Will Practicing Less Change Knicks Fortunes?

Mike D'Antoni allowing his players to sleep in


    D'Antoni is cancelling the morning shootaround before the Knicks home preseason game with the Sixers on Tuesday night and plans to do without the longtime tradition at home games for the remainder of the season. Instead of heading to the team's Westchester practice facility for the 10 a.m. session, the team will now gather at the Garden at 3:30 p.m. for four hours of team time, including a shared meal.  

    Someone should have told Allen Iverson that the Knicks weren't going to practice before he signed with Memphis. He probably would have paid them to join the team.

    Actually, the morning session has historically been less about basketball than its been about making sure players weren't doing anything at night that precluded them getting up early in the morning. Now, they can stay out later at night, which may work against the team's best interests especially if they use all that gas money they're saving on trips to Westchester to finance new manners of debauchery. 

    "I think it should be good for us," Al Harrington said. "You get better rest, you get a chance to wake up when you wake up, have breakfast, hang out a little bit and then come to the arena."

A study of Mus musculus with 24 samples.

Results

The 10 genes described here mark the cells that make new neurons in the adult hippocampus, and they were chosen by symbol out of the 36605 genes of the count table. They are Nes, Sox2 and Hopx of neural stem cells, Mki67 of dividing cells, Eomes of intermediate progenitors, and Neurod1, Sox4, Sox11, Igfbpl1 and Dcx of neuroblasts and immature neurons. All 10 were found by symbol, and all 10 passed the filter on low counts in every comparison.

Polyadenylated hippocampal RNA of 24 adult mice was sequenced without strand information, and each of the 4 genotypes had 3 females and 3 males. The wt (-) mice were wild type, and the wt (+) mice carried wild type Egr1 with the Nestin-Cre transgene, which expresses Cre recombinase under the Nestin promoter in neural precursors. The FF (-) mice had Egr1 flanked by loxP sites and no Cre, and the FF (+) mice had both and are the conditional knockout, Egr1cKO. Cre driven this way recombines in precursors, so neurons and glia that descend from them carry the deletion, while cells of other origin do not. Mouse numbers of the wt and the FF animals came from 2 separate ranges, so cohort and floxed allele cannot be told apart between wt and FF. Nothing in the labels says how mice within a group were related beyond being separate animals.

That sounds about right, although one wonders if Eddy Curry is so keen on having so many people seeing his caloric intake up close and personal.

    The thought of NBA players in New York City being left without a reason to wake up early is a bit troubling, but there are three things to like about this move. One is that being at the arena for a few hours focused on your team and basketball has to keep you sharper than napping and showing up 90 minutes before the tip. Another is that the old ways of doing things certainly haven't worked for the Knicks, so why not give something new a shot? 

    Finally, since this is the year of LeBron the impending free agent we are obligated to use that angle to analyze the impact of the move. If James is going to come to New York, the off-court allure of the city is certainly going to have something to do with the decision. It can't hurt that he won't have to haul himself to Westchester early on mornings after partying with Jay-Z or attending the premiere of some new blockbuster. 

    It's not the expected slogan, but "We're the Knicks and we don't practice" could wind up doing the trick.  

    Josh Alper is a writer living in New York City and is a contributor to FanHouse.com and ProFootballTalk.com in addition to his duties for NBCNewYork.com.